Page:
WYOMING, Mich. — The pandemic has forced many couples to alter their 2020 wedding plans, but it wasn't going to slow down a West Coast couple, who flew all the way home to West Michigan so the bride's terminally ill father could give her away.
"[Back in July], my dad had a fall and went into the hospital," said Connie Gee, the bride-to-be. "He fractured a bone in his neck and they also diagnosed him with congestive heart failure.
Ernest Gee was immediately put in Hospice care and was given a month to live.
Connie and her fiancee, Matt Tsuchiya, flew to Grand Rapids as quickly as possible to be with Ernest and so that Matt could ask him for his daughter's hand in marriage.
"We weren't able to see my dad in-person," added Connie. "Because of the pandemic, we could only communicate with him through his window at the Hospice facility."
Ernest gave his blessing to Matt, then quickly said to Connie, "So, who's giving you away?"
It was in that moment that Connie knew that time was of the essence and she wanted to make sure her father was still around and was able to give her away.
"The only time we would be able to catch him would be after he has a dialysis session, which he has three times a week," said Connie. "So, the wedding would have to be at his dialysis treatment center and before the ambulance has to take him back to the nursing home."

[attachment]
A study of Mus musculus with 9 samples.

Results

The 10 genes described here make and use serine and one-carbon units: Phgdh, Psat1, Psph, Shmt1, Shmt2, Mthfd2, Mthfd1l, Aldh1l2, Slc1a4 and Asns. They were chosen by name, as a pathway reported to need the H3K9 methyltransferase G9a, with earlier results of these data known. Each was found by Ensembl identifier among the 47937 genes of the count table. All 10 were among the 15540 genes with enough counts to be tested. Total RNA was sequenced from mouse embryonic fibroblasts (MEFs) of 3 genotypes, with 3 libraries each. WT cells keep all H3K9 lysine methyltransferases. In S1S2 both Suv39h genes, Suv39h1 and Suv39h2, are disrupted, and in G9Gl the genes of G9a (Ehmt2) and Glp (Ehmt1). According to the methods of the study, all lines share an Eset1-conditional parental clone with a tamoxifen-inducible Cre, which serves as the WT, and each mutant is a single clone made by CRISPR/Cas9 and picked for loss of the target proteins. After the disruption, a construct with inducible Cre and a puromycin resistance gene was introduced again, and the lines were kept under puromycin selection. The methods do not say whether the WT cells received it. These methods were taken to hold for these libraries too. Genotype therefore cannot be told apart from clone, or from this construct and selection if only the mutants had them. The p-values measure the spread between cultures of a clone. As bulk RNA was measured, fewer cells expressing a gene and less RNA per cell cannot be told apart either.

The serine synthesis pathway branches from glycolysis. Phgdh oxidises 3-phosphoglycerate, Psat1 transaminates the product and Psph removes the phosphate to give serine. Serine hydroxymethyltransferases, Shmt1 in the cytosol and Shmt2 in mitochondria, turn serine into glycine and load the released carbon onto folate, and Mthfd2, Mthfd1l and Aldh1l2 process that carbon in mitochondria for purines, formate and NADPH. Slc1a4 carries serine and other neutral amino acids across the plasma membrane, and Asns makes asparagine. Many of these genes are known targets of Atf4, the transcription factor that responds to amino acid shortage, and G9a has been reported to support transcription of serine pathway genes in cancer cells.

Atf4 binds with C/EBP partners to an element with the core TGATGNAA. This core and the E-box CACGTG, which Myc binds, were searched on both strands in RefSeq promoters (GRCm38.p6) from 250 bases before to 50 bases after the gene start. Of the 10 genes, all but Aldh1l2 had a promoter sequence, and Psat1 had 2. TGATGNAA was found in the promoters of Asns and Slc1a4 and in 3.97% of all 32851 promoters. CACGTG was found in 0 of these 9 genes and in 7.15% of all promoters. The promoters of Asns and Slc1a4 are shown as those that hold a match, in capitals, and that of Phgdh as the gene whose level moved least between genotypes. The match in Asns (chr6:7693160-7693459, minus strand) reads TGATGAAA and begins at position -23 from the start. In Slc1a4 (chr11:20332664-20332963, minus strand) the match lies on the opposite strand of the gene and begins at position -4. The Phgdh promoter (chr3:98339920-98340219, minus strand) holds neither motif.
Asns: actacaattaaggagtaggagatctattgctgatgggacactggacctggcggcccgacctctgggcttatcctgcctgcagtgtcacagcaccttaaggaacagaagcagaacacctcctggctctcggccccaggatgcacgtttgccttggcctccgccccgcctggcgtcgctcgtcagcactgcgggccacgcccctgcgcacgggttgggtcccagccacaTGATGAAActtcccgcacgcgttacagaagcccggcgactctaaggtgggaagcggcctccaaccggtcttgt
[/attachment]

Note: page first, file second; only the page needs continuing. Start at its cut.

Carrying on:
Connie contacted her mother and found out her dad was having dialysis at Fresenius Kidney Care in Wyoming on Saturday, Sept. 26 from 10 a.m. to 3 p.m. Connie and Matt flew from Oregon to Michigan a week prior and began the process of planning their wedding.
"We were able to secure an official and the dialysis facility was willing to let my dad out 15 minutes early so he could attend the wedding," added Connie.
Connie, Matt, the official, and a small group of family and friends, arrived at the dialysis center early Saturday afternoon. The plan was to have the wedding at 2:45 p.m. that day because Ernest had to be on the ambulance no later than 3 p.m.
Just before 2:45 p.m., Ernest was wheeled outside and into a small courtyard near the facility's parking lot.
"We actually placed the wedding where his group of dialysis friends could see it from the windows," said Connie. "There was a nice path that we used for a make-shift aisle; I pushed my dad down the aisle in his wheelchair.
"The officiant asked, 'Who gives this woman away today,' and he got to say, 'Yes,' so my dream came true."
Connie and Matt's wedding was done before the ambulance left without Ernest.
"Any little hiccup in this plan and it wouldn't have gone through how it should have," said Connie. "It was just the perfect scenario."
"Having Ernest in attendance kind of put a tone to the moment," added Matt. "The wedding would have been incomplete without him there."
Once the nuptials concluded, Ernest was quickly loaded into the waiting ambulance and transported back to Hospice care. He never got to speak to the newlyweds, but he did call them the next day.
"He asked us, 'Was I dreaming or did you get married,'" said Connie. "The wedding wasn't traditional, but family is important and he got to be there, so I wouldn't change anything about it."